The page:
William Trevor in America
Patrick Cox on his father's travels across the USA
My father, William Trevor, liked to tell a story about the first time he visited New York. It was in the 1960s when he was employed as an advertising copywriter for a London firm. He was attending some kind of convention along with several colleagues from the firm. Quite why he was chosen for this international assignment was never explained. He was not a serious advertising man; his working hours at the office were largely spent covertly writing fiction.
In New York he shared a hotel room with a colleague. On the final night of their stay, their business done, my father’s roommate suggested they take a night out in the “real” New York, uptown. Dad declined the offer, opting instead for an early night. Close to dawn, his colleague returned in a bedraggled state; he’d made friends with “some locals,” as he put it, who at some point had turned on him, roughed him up and stolen his wallet. The man vowed never to return to the United States.
The episode had the opposite effect on my father. For one thing, it made a great story. Also, he knew that such things happened at home too, in Dublin and London. Most of all, it added to the aura of America, not so much a dangerous place as one that could will people to put themselves in danger.
The America that my father wrote about was always a conjured place. It had its roots in the picture houses of his County Cork childhood, brought to life by James Cagney and Bette Davis. Later, it became an imagined destination for his fictional characters, a glamorous place where fortunes could be made and sorrows forgotten. Despite the talk, it was rare that anyone actually emigrated.
But then, I did. In 1987, I packed my bags and took a one-way flight from London to Anchorage, Alaska. It wasn’t a planned emigration; like most people who end up in the United States, I didn’t think I’d be staying. But stay I did, and over the years, my parents visited me, first in Alaska, then Oregon, California, Massachusetts. Along the way, bits and pieces of the visits popped up in my father’s stories.
There were other relatives of my father in North America, uncles and aunts and cousins whose parents, unlike my father’s characters, had emigrated to the New World. Now they lived in Florida, Ontario and British Columbia. With me as his American anchor, my father began looking them up. I met them, sometimes with him, sometimes without, and together we tried to piece together how they had become part of the Irish diaspora. There was talk of a family farmhouse in Roscommon, the stoniest county in all of Ireland it was observed more than once. The fate of the farmhouse had been determined over a marathon poker game, the deed handed over to a victorious neighbor. Hearing this and other possibly apocryphal stories— even if they weren’t the true motives of my relatives’ migration— helped me make sense of my own confounding decision to move to Kenai, Alaska.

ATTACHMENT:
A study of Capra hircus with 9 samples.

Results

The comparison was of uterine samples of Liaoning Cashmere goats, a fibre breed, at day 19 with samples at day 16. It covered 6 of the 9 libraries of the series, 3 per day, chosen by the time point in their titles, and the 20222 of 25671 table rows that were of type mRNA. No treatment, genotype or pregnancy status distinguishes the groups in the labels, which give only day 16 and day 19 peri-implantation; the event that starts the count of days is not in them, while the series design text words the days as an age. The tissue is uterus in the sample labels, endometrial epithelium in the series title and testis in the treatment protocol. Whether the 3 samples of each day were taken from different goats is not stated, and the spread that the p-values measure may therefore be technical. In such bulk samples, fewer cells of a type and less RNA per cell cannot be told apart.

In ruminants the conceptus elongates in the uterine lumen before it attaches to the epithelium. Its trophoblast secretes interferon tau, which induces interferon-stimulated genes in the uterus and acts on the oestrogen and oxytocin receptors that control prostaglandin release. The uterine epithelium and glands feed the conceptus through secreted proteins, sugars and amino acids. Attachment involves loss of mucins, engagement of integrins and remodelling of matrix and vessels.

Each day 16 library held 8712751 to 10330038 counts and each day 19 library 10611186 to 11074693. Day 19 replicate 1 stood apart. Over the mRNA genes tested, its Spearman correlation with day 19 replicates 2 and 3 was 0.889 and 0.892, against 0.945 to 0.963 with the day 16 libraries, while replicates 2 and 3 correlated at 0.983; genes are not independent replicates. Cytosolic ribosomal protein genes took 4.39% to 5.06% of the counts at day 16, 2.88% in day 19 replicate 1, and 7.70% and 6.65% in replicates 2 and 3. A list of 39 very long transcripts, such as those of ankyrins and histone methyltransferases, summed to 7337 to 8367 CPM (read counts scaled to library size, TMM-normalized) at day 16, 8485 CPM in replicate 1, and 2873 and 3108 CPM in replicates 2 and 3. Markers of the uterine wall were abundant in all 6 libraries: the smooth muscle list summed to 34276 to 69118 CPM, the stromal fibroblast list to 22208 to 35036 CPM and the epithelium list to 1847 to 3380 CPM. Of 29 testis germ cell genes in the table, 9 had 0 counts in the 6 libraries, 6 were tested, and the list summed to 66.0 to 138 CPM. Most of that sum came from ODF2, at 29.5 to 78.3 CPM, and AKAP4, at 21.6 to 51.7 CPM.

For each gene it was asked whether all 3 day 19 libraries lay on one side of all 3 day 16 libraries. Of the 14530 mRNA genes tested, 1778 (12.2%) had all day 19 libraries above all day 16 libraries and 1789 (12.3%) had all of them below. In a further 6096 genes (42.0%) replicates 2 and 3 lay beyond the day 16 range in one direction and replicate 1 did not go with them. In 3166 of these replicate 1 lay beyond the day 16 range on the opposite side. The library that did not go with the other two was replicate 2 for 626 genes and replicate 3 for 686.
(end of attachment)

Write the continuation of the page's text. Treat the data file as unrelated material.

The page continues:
When I found my feet in America and enrolled in graduate school in the Bay Area, my parents again came to see me. They stayed at the Washington Square Hotel in San Francisco, waking up each morning to the sound of Chinese dialects, the square filled up with the elderly, “their tai chi movements as elegant as dancers’.” My father’s sketch of San Francisco, later published in an essay collection, found common stories of desperation and drive among migrants from Ireland, China, Italy and Mexico.
New York, though, was his favorite city, a place he understood to be a home for all. It’s where I most enjoyed his company in America. Where in London he might have shied away from brash attempts at myth-making, here he embraced them. We spotted movie-star faces in Central Park, sipped whiskey sours at the Algonquin’s Blue Bar and ate oversized meals everywhere. He enjoyed New York so much, I think, because it wasn’t the home turf of his fictional settings, provincial Ireland and post-industrial Britain.
In the Summer of 2016, my father made a final public appearance, of sorts, in New York. The nature of it was in keeping with his penchant for anonymity. Some friends and I were recording a podcast in front of an audience at the New York Public Library. The subject was revitalizing dying languages. I played audio excerpts from a conversation I’d recorded with Dad some years earlier. I had asked him about learning Irish at school. He’d studied the language for ten years or more, but like many of his generation in the early days of an independent Ireland, he never learned to speak it fluently. One phrase in Irish he did remember: “Please Miss, may I be excused?” When I played that, it produced the biggest laugh of the evening.
As the tape rolled on we flashed up a giant image of Dad, a photo I had snapped at our Devon home. No one in the audience had any idea this was William Trevor. He was just my father. His last appearance in New York, blissfully anonymous.